If you've forgotten the rollercoaster of emotions that was Feel Good’s season one finale, let us catch you up to speed. After Mae (Mae Martin) and George (Charlotte Ritchie) ended their relationship, Mae headed out on a self-destructive bender which culminated in a cocaine binge with a friend from Narcotics Anonymous. Worried about the state of their sobriety, Mae booked a ticket home to Canada to seek professional help. But when George invited Mae for a post-breakup debrief, she revealed that she was ready to claim their relationship publicly and even introduced Mae to her very posh mum. It was a less than perfect gesture but the pair ended up falling into bed together, leaving the series on an intentionally ambiguous cliffhanger.
Now, the UK series is waving goodbye to its original home of Channel 4 and moving to Netflix to continue the next six episodes. Season two picks up directly after the events of the finale, with Mae pulling up to a rehab facility in Canada. Driven there by their mother, Linda (Lisa Kudrow), the stand-up comedian is forced to listen to an inspirational poem before being packed off with a flask of soup for their stay. Though Mae is greeted at the facility like an old friend, it's clear that they are less than comfortable in their new surroundings, struggling to recover from both an explosive breakup and a recent relapse.
Elsewhere, we learn that George is convinced that the relationship still has legs. Admitting that things got a bit messy – mostly down to George's refusal to integrate Mae into her wider life – she’s on a mission to distract herself while Mae 'visits family' in Canada. Amid frenzied kitchen clear-outs and meltdowns about the decline of bees, George is relieved to finally receive a call from Mae but separated by continents, the two are left to contemplate whether they were ever any good for one another.
Despite the rather serious-sounding subject matter, those who wanted a second season full of lols won’t leave disappointed. The show knows how to poke fun at the entertainment industry and as Mae continues on their journey to hit the stand-up comedy big time, they are bombarded with comments from corporate execs about how vulnerability and sadness is cool and super 'now'. But while there are jokes aplenty, the heart of the story remains heavy, drawing inspiration from Mae’s real-life experiences with substance abuse. Discussing PTSD, panic attacks, trauma bonding and intimacy addiction, Feel Good doesn’t shy away from the not-so-shiny topics, rooting the series in moving and affecting storylines.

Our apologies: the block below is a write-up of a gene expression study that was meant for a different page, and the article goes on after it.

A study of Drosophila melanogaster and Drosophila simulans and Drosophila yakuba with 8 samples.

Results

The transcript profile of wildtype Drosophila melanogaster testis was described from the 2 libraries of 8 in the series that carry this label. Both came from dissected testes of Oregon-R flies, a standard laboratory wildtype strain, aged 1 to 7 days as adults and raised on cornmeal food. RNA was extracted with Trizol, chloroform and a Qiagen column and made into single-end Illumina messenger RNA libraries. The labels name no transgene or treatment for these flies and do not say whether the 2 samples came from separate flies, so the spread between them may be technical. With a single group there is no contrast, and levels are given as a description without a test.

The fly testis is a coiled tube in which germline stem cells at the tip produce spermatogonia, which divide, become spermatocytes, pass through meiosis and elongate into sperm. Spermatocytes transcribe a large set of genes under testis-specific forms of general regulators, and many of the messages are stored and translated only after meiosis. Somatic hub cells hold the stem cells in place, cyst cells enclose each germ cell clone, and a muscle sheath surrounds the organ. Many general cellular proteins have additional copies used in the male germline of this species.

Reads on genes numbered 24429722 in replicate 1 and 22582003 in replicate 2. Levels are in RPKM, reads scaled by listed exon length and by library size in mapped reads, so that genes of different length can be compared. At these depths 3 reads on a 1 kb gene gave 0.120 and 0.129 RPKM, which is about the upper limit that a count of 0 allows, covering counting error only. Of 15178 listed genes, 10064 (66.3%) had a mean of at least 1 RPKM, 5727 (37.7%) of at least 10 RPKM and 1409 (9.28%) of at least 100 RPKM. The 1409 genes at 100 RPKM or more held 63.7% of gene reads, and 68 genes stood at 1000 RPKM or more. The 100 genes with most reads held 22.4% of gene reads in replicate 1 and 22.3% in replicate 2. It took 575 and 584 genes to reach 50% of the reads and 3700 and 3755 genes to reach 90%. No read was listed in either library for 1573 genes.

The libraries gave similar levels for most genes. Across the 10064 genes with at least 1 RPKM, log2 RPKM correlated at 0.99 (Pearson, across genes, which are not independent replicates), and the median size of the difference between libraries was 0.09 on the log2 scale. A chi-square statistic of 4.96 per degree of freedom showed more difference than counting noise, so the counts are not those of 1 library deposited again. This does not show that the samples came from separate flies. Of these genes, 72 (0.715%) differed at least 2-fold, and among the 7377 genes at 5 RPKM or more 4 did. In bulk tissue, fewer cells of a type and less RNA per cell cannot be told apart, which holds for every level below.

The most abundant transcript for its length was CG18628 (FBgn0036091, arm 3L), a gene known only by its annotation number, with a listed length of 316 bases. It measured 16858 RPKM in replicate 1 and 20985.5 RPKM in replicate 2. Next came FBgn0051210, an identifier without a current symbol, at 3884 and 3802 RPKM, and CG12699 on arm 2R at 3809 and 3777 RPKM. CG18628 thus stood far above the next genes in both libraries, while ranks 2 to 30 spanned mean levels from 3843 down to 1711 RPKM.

That said, the show's creators are careful always to undercut the seriousness with humour. In one standout scene in which Mae is asked what they identify as, they answer: "An Adam Driver or Ryan Gosling type." While the first season saw Mae exploring the idea of gender in their stand-up routines, the second season honours Mae's place in the non-binary community, proving just how important it is to have conversations surrounding pronouns on mainstream television.
Having received a BAFTA nomination for their work on the first season, you might assume that the writers would have kicked Feel Good’s production into high gear but fans of the show can rest easy knowing that the heartfelt comedy remains as scrappy and awkward as ever. Unpacking the intensity of falling in love, the pain of addiction and the nervous excitement of building a career, Feel Good's second series is a near-perfect continuation of its funny and thought-provoking story.
Feel Good Season 2 premieres Friday 4th June on Netflix.